In the midst of life struggles, our identity can be rooted in our sin, our suffering, or our Savior. When things are good (or when we live in denial) our identity can be attached to our achievements, relationships, appearance, job, or many other things. But when things are hard we tend to identify our selves by what we’ve done wrong, the wrongs that have been done against us, or the God who forgives and loves us.
When we root our identity in our sin we beat ourselves up for being stupid, lazy, selfish, and lacking self-control. We begin to make “I am” statements that end with our sin: addict, angry, perverse, etc…
In this case we downplay the significance of Christ’s death to forgive our sin. This results in us playing God by trying to “forgive ourselves.” Our identity has already established that our sin is more dominant than Christ’s blood, so it only makes sense (although we would never say it out loud) that our forgiveness would be required “in addition to” God’s.
When we root our identity in our suffering we define ourselves by the bad things that have happened to us. We begin to make “I am” statements that end with our suffering: divorced, depressed, abused, etc…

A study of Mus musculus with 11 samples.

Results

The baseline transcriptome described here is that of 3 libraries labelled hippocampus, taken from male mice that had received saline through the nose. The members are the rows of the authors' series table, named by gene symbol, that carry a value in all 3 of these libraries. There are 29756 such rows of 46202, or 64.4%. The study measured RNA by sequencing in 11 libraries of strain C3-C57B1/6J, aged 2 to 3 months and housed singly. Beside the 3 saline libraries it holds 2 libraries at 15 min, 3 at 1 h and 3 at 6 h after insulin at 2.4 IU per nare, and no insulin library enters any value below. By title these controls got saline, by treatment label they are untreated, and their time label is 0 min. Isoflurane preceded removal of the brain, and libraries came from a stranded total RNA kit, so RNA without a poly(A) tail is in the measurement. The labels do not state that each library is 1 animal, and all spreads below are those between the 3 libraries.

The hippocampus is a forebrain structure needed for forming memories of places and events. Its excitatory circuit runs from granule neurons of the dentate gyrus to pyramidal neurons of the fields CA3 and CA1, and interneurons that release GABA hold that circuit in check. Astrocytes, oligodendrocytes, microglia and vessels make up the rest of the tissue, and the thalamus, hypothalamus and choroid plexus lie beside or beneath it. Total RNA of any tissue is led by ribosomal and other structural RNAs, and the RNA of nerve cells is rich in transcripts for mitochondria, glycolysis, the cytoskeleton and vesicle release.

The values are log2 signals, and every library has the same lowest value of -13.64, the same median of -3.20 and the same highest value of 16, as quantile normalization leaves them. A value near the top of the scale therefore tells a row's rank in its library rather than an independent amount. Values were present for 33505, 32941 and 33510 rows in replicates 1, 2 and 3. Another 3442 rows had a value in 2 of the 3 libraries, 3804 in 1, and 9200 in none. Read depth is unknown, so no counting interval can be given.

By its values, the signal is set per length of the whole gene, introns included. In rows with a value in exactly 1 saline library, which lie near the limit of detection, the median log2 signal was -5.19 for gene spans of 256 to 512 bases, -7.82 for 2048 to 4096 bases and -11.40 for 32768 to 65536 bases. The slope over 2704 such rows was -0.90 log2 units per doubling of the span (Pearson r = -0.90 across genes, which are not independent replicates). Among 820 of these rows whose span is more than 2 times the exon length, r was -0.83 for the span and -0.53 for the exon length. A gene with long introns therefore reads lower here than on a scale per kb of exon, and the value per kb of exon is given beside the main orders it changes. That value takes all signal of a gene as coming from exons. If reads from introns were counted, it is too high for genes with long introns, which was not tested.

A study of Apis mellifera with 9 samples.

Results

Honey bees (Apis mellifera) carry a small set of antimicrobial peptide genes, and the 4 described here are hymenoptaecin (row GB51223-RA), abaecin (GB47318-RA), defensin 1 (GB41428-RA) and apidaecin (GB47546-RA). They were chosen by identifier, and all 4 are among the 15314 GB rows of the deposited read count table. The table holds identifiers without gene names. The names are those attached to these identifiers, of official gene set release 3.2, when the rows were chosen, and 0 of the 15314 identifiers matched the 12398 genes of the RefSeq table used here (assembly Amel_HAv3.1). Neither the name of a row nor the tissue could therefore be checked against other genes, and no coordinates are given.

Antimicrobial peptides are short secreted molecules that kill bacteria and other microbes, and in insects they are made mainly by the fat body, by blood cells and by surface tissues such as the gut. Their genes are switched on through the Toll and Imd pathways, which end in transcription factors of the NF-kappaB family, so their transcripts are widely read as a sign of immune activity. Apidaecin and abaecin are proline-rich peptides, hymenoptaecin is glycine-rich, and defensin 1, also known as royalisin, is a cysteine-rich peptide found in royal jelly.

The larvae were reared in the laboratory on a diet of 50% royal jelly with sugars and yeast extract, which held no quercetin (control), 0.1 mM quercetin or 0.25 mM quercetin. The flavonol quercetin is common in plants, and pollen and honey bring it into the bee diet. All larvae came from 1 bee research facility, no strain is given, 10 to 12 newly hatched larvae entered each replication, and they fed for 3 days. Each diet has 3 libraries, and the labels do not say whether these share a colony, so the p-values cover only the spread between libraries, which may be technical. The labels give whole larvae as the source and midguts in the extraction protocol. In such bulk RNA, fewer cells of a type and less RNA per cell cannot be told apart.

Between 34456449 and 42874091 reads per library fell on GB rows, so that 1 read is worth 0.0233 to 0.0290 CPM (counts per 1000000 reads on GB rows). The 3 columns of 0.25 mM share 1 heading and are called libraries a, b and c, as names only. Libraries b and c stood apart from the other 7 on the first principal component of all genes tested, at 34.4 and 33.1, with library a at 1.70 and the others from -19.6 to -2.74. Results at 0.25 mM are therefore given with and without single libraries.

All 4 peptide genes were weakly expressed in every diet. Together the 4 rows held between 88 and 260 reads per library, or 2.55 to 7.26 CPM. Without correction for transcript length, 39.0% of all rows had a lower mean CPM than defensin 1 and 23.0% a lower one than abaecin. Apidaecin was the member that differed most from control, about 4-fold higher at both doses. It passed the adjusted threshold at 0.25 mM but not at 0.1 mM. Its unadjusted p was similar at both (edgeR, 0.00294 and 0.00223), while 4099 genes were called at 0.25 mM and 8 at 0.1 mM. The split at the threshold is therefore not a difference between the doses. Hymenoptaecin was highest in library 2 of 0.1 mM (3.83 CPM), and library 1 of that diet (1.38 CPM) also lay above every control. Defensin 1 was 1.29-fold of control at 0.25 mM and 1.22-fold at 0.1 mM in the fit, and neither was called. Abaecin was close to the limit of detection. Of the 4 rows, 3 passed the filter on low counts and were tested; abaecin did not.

In this case we downplay the degree to which we are loved by God. We believe our history has made us unlovable. The result is that we begin to play God by trying to “love ourselves” more to compensate for what our identity has declared unattainable from God.
In both cases, something becomes more central to “who we are” than being God’s children. Then, because God has been rooted out of his rightful place in our identity, we begin to try to do for ourselves what only God can healthily and satisfyingly do.
This is so common, that many readers are probably surprised that “forgiving myself” and “loving myself more” would be mentioned with a negative connotation. But the truth is they are attempts to live without God or declarations that what God has done is inadequate for our struggles.
The only solution to a sin-based identity or a suffering-based identity is to truly understand who we are in Christ. Everything else results in some form of God-playing self-reliance.
At the upcoming Summit counseling training a full hour will be devoted to the subject “How to Avoid a Struggle-Based Identity.” People ask for help because a struggle has begun to dominate their life. Too often life can be measured exclusively by how present my struggle is. The problem is that when I measure a “good day” by the absence of my struggle (sin or suffering), my struggle will remain the focal point of my life. I become trapped in recovery.
The only remedy is to center your life on something other than self, sin, or suffering. In explaining how to do this, our counseling training will explore what it means to have our identity rooted in Christ. This document (who-i-am-in-christ_kellemen) adapted from Bob Kellemen’s work will be a part of that training.